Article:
Romans 1by1: Transferring information from ancient people to modern users

Rada Varga (Babeș-Bolyai University, Cluj-Napoca)

Digital Classicist London seminar 2017

Friday July 28th at 16:30, in room 234, Senate House, Malet Street, London WC1E 7HU

Livecast at Digital Classicist London YouTube channel.

The proposed paper explores the methodological and practical aspects of transforming a “working” database, created to respond to the needs of a restricted group of scientists, into a user-focused resource, useful for the large-scale scientific community.

The first part will present Romans1by1, a population database for persons attested in ancient epigraphy. Built as a MySQL relational database, it follows the best practice models for population databases, thus being distinct from the platforms focused on hosting and offering various types of repertoires of sources. R1by1 deals with people attested epigraphically in the Roman provinces and the architecture of the metadata was designed to facilitate research (mainly) pertaining to prosopography and SNA.

At the time of the seminar, important samples will already be on-line at and the transition process is what we intend to document. Working with both versions, the on-line platform and the one accessible through login, we will try to exemplify the technical and conceptual challenges we have faced and to explain our decisions.

The first important step was, expectedly, standardization and cleansing of data, but this is a standard process, which doesn’t raise conceptual problems. The main question for us was how to keep all scientific rigor and make it user-friendly and easy to employ for large groups of researchers at the same time? As we currently have over 30.000 rows displayed and more than 140 search filters, it was obvious that a simplification was in order; in technical terms, these figures aren’t high at all for a database, but it is definitely more than an external user wants to visualize. For a start, we reduced the number of visible infrastructural tables to the four main ones, which architecturally and informationally define the database (Inscription, Inscription Bibliography, Personal Data and Personal Relations). Regarding the searching options, we have opted for finding a friendly interface and keeping them in full, as it seems paramount for the users to be able to filter the information as much and as deeply as they wish.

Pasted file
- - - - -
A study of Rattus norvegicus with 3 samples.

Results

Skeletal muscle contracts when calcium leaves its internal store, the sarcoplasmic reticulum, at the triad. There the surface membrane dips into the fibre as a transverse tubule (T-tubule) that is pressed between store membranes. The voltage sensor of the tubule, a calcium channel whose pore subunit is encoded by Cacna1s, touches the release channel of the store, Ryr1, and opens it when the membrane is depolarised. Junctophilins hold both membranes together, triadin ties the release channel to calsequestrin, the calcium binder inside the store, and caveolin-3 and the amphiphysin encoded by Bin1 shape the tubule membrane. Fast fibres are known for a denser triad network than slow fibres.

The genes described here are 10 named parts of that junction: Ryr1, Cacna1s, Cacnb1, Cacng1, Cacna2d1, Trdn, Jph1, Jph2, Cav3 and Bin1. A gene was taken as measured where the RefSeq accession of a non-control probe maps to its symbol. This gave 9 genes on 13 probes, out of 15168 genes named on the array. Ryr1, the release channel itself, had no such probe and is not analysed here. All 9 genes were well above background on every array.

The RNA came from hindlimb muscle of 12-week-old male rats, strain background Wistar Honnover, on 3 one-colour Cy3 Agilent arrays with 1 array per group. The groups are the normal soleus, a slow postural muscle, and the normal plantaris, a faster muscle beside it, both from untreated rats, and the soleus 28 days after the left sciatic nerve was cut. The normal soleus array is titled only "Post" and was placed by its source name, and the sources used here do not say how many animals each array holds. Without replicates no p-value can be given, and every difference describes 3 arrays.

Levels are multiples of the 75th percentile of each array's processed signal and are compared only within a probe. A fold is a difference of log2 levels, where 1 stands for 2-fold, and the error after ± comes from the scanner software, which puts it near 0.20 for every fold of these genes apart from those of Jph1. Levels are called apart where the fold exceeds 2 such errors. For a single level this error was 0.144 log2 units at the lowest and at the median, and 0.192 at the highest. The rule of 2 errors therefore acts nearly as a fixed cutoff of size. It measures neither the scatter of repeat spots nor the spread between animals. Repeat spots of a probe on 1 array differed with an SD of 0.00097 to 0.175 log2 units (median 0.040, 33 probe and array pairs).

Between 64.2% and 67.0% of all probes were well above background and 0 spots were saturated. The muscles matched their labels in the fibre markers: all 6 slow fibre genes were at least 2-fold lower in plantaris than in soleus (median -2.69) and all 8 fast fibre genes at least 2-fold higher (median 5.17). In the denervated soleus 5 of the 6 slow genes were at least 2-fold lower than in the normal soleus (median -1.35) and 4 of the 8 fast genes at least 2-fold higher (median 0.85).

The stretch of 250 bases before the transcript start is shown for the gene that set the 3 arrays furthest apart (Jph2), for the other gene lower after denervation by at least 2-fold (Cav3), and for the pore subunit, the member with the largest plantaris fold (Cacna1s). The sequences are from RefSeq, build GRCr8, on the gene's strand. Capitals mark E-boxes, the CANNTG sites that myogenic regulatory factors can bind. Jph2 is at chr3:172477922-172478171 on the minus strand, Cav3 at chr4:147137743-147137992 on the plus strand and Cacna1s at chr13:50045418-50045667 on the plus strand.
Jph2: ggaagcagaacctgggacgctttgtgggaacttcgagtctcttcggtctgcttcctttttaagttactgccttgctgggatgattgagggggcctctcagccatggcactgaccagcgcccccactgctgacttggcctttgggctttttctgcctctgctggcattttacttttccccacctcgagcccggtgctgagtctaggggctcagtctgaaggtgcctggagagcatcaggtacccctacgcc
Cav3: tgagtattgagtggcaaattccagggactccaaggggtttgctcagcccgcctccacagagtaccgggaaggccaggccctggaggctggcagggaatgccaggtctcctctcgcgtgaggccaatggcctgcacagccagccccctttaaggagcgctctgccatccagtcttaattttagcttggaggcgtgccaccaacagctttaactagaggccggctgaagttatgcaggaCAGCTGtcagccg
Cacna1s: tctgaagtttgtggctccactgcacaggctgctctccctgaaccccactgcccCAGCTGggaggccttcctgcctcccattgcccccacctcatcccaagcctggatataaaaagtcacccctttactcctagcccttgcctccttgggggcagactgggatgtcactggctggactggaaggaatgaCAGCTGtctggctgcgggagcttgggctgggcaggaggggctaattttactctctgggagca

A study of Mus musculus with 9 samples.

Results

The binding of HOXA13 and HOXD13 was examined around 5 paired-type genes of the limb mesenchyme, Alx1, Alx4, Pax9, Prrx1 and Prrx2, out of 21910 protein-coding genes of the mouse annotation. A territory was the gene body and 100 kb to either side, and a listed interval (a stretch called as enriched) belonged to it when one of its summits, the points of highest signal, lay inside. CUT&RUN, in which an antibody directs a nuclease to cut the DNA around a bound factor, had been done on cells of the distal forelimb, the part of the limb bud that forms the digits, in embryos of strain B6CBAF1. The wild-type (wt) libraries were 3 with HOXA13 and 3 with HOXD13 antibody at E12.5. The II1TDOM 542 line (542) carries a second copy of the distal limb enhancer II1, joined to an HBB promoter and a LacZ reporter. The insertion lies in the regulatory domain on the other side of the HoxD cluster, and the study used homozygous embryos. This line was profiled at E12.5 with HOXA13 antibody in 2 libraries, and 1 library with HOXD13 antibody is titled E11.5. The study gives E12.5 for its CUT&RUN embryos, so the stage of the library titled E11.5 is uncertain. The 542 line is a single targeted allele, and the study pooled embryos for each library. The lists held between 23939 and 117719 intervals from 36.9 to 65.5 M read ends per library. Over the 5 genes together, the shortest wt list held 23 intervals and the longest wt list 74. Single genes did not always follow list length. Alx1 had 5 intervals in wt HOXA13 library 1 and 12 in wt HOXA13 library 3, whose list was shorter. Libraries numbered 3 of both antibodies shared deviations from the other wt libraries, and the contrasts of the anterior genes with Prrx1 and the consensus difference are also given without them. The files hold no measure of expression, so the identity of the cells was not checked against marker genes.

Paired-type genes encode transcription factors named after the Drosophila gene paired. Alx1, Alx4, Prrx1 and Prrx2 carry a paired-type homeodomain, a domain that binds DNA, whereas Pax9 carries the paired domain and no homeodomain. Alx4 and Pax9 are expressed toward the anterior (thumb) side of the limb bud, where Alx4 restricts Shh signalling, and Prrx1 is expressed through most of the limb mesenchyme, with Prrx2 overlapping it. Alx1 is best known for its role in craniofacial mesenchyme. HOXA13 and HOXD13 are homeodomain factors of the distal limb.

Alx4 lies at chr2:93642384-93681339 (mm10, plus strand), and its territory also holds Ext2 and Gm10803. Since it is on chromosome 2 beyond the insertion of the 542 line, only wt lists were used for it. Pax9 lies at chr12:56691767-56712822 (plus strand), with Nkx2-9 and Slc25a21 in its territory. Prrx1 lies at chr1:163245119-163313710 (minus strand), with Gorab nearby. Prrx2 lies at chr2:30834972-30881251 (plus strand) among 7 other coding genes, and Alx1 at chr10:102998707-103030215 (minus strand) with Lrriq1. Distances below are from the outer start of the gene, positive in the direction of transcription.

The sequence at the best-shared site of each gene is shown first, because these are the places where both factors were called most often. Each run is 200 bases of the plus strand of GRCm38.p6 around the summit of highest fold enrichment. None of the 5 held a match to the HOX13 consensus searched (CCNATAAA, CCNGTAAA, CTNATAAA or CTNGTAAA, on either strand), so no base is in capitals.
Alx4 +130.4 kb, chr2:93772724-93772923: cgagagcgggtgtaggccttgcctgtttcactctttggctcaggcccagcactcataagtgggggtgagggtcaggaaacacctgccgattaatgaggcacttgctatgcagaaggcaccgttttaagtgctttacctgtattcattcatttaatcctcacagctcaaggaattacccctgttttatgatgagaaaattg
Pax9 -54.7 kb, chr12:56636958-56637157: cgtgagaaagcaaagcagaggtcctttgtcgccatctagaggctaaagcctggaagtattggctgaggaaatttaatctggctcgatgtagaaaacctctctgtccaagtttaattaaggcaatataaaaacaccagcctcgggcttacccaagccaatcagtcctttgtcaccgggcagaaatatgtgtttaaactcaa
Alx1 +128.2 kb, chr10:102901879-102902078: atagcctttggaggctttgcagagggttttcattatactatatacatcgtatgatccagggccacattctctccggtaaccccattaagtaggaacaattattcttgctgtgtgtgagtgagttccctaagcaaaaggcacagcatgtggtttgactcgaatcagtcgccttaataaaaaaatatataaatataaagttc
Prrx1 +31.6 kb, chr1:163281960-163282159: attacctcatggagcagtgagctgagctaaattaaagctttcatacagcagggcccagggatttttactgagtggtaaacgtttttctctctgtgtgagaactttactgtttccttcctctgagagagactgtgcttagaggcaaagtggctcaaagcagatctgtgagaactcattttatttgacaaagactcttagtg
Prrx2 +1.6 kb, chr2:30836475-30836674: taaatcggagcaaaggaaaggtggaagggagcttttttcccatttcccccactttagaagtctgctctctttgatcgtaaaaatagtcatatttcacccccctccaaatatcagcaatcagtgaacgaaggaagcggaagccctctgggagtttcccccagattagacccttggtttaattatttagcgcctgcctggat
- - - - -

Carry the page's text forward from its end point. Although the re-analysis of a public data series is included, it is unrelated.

Another important feature we want to develop is visual support, which we believe is very important for user engagement in general, but also for giving the platform a didactic purpose. So, we are trying to provide network-type visualizations for more complex relationships, available as imagines through a direct link to the relation name. The relationships themselves underwent major changes, being transformed from one-way, directed, relations, to bilateral ones (from the initial X MotherOf Y, we now have X MotherOf Y and Y DaughterOf X), with the purpose of gaining better search results.

The examples detailed above are just a situations encountered on our transition from “personal” tool, employed by a small group of scientists, to an open-access resource, meant to be useful to a large and complex community. Our presentation would aim not as much at presenting our results, as at exposing our choices and at receiving feedback and opinions on what we have done and what we could accomplish in the future, especially in terms of usefulness and “user-friendliness”.